If You’re Over Fifty, Ladies, You Probably Don’t Like Your Body

by Kathleen Duhamel

I read about a recent study that showed only 12 percent of women age 50 and older are satisfied with their bodies. Immediately, I began compiling a mental checklist of all the things about my own body that bother me – the muffin top, double chin and a lumpy, scarred abdomen, the result of multiple surgeries.

Half of the women surveyed said they envied the way younger women looked (yep!) and a third confessed that they think about their weight every day (also true). Not long ago, I commented to a friend my age that I can tell if a woman is pre-menopausal because of her beautiful, glowing skin. After “the change,” no amount of expensive cosmetics can bring back that creamy, lit-from-within look.

I suspect that with most of us, body dissatisfaction began early in life. In my case, I can remember being put on a diet by my mother when I was about six years old, forced to eat a banana instead of what I really wanted – cake. The following year, I was humiliated in front of all my classmates when we were weighed in school, with the offending number called out for everyone to hear. My only consolation was knowing there was one bigger girl, so at least I wasn’t the fattest in the third grade.

At about age 12, my mother brought home an uncomfortable “training bra” and insisted that I wear it to school. Training for what, I’ve always wanted to know. The Titty Olympics? Boys didn’t have to go through these same strange rituals. They weren’t encouraged to reshape their bodies, get rid of unwanted hair or lose weight to be thought of as attractive.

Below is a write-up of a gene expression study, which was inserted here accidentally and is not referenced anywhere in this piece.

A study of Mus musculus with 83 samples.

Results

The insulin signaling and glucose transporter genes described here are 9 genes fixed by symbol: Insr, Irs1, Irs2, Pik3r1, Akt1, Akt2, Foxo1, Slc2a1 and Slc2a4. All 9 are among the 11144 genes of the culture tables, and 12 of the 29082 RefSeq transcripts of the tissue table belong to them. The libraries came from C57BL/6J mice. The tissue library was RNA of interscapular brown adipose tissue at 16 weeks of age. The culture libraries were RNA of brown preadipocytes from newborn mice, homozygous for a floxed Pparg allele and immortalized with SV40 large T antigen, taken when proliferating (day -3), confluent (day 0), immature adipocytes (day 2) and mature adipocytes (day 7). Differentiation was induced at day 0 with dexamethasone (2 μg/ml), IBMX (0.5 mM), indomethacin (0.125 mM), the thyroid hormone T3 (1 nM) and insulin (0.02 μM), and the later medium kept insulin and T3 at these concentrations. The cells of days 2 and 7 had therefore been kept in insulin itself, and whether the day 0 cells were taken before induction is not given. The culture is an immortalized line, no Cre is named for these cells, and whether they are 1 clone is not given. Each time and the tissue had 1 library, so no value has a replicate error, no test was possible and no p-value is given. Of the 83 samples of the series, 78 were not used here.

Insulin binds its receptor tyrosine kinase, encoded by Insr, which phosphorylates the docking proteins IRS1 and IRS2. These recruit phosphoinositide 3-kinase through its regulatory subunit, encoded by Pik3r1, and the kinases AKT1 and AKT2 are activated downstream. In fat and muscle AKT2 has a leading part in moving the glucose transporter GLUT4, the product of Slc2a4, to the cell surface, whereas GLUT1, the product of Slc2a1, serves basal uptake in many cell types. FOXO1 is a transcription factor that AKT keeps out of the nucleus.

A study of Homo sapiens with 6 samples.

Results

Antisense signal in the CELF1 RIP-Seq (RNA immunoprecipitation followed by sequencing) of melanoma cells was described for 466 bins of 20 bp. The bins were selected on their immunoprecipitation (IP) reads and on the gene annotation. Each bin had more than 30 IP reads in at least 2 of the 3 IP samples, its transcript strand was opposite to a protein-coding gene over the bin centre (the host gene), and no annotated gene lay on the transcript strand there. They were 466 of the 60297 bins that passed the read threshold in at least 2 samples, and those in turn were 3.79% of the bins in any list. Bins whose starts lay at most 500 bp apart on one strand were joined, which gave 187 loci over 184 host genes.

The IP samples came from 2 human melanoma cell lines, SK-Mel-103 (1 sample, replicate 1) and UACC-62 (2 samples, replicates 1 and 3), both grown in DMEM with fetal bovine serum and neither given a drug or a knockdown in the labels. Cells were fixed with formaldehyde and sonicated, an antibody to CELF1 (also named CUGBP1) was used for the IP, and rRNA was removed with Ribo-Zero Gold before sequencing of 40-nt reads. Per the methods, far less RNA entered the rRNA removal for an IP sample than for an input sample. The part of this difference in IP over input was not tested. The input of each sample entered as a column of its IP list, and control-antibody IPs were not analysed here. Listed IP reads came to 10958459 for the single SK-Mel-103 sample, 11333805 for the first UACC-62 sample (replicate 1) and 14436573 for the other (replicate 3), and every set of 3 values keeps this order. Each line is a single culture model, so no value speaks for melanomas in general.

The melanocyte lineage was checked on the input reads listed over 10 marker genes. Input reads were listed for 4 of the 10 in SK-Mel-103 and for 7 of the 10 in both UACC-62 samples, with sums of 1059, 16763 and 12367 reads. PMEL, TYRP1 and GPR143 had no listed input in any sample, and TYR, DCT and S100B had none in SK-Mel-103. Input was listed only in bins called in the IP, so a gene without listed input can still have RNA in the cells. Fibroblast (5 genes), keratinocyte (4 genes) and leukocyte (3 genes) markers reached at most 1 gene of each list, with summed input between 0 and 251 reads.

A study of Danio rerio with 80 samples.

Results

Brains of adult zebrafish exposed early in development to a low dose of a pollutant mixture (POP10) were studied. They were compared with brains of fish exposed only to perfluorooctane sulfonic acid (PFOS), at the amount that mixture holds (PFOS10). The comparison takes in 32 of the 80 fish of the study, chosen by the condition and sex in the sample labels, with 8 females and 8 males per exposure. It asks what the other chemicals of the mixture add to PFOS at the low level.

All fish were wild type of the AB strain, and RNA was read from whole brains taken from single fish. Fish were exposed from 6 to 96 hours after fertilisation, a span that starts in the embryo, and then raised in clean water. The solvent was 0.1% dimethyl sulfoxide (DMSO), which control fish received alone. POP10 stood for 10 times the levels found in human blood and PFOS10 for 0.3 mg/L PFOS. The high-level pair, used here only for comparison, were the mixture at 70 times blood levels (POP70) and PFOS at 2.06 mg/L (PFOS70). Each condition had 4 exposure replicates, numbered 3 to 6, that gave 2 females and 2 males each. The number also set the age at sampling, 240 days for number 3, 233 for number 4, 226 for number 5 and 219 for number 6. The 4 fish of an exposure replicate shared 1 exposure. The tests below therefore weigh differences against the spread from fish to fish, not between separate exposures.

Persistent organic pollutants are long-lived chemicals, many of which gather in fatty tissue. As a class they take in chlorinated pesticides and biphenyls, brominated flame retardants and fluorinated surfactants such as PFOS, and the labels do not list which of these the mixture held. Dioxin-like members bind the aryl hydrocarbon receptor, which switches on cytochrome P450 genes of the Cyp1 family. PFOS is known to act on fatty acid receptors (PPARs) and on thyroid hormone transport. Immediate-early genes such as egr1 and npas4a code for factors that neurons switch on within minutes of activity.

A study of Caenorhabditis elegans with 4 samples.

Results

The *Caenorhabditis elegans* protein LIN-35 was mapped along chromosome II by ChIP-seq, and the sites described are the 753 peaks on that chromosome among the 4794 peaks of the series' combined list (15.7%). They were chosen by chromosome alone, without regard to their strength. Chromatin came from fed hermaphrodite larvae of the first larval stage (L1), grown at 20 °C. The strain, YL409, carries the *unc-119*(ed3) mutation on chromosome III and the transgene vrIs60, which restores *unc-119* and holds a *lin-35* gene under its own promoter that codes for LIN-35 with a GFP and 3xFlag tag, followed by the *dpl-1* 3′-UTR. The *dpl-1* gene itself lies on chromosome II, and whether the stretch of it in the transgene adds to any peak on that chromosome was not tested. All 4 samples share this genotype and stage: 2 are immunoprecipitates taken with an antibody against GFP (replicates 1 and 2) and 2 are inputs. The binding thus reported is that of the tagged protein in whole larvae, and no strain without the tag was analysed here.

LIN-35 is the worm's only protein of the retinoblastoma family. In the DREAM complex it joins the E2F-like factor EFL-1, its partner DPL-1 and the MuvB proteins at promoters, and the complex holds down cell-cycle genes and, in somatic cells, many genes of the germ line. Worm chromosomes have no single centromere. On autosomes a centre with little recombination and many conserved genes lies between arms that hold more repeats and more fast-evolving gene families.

Flash forward a few more years to college, when my fiancé came over after his hospital shift, unshaven, still in his scrubs and in need of a shower, to berate me for “letting myself go.” I still don’t know what he was referencing. (To my credit, I broke off the engagement not too long afterward.}

So here I am, half a century later, still dealing with some of the same old issues, and trying not to pass them on to my three-year-old granddaughter. There will be no mention of the word “fat” in regard to ourselves. I vowed I’d never make her sit at the table until she finishes her vegetables like my mother did. There will be no “good” foods vs. “bad” foods in our household. She can eat as much or as little as she wants during meal time, but if she chooses not to finish what’s on her plate, she can’t come back an hour later and beg for snacks.

I tell her that she’s strong and smart instead of focusing on her cuteness. She already gets enough of that through the ridiculous Disney films that promote a “princess” culture. “I’m a princess,” she told me, twirling around in a garish “Frozen” costume.

No, you’re not, honey, but you’ll find that out soon enough. I just hope you’ll learn to love your body, imperfections and all, and not let anyone tell you that you’re not beautiful, just as you are. I wish someone had said that to me long ago.